I'm looking at the Tabs example right now - does anyone know what "anchor" and different values of anchor (e.g. "HEADER", "FOOTER") mean? I see the definition on the kinoma documentation but I still can't wrap my head around it. Thanks a lot!
Anchors are provided as a shortcut for accessing containers in the container hierarchy. The value of the anchor is completely arbitrary and up to the developer. In the Tabs example, the HEADER anchor identifies the header container in the hierarchy and the FOOTER anchor identifies the footer container. But these could be named TOP/BOTTOM, UPPER/LOWER or whatever makes sense to the developer.
A primary benefit in using anchor references is that the code using anchors to access containers doesn't need to change if the container hierarchy changes. Containers in the container hierarchy can be traversed using a variety of methods. But some access methods break when the hierarchy changes. As a simple example, let's say the last child container in a hierarchy is a Label. You can set the label's string from the parent container as follows:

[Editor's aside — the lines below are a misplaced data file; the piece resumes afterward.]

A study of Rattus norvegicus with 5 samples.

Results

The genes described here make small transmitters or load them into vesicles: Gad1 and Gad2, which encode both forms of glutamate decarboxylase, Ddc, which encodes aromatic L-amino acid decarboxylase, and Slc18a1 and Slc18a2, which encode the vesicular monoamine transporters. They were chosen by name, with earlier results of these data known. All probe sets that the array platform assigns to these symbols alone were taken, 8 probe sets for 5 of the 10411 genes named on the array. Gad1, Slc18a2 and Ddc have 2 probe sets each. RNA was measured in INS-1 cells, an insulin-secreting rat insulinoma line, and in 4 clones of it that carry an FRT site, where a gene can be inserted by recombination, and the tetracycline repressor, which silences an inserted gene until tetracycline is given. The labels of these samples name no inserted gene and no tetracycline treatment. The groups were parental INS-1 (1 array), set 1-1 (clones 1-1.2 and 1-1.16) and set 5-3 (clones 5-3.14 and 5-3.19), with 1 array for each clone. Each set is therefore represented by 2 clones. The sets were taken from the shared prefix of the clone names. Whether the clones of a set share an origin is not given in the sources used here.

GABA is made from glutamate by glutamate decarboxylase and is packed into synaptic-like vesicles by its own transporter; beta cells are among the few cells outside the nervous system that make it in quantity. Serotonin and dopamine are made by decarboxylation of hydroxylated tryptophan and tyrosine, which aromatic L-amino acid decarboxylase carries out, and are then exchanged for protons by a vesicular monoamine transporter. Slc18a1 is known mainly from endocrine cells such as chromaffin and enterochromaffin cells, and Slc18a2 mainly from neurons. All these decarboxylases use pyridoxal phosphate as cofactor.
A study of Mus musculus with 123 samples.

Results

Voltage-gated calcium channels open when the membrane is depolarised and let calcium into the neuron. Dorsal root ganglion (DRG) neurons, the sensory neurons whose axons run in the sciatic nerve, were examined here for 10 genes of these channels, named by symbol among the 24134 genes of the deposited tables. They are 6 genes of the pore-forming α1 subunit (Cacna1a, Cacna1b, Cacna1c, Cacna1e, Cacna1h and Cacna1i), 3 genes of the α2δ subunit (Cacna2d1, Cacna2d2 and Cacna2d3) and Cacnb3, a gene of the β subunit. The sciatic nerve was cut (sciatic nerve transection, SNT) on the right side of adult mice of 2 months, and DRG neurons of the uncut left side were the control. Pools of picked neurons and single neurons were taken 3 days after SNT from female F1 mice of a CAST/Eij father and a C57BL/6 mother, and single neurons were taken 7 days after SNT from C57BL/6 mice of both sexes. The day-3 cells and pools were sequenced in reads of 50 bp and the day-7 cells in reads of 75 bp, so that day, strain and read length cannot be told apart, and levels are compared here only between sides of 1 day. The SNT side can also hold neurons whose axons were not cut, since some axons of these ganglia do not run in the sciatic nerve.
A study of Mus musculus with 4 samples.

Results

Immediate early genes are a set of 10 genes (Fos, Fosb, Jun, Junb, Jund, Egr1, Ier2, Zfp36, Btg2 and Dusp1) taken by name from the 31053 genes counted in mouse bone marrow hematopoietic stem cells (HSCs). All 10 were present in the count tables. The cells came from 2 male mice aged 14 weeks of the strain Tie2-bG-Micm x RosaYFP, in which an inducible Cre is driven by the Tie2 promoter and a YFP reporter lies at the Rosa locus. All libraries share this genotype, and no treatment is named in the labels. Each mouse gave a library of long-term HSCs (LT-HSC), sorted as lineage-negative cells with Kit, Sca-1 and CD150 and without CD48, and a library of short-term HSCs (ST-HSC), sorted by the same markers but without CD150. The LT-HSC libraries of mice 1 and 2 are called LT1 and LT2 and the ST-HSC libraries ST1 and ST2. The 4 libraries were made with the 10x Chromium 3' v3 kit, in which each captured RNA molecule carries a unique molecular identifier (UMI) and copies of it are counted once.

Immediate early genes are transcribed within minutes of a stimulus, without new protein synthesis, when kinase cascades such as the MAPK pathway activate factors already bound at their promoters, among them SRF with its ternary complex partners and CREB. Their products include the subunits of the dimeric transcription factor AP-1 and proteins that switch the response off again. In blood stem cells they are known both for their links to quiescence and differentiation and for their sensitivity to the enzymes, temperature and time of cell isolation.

container.last.string = "hello";
But if you change the container hierarchy and add a new container/content after the label, the above code is no longer valid, since it assumes the last container is the label.
If you instead associate an anchor reference with the label, the code can use the anchor to reference the label container:
this.data.MY_LABEL.string = "hello";
The code that sets the label's string using the anchor reference will continue to work even if you shuffle the container hierarchy.
Hope this helps...
thanks so much for your detailed explanation!
I notice that using anchor as a reference is slightly different, in that it's only a reference from a data object. i.e. you can't access container.MY_LABEL. But I've never been able to figure out how to change the way I write the code to use anchor. i.e. in the example above, what context is this and where does the data object come from?
When would I want to use anchor instead of name? (and vice versa?)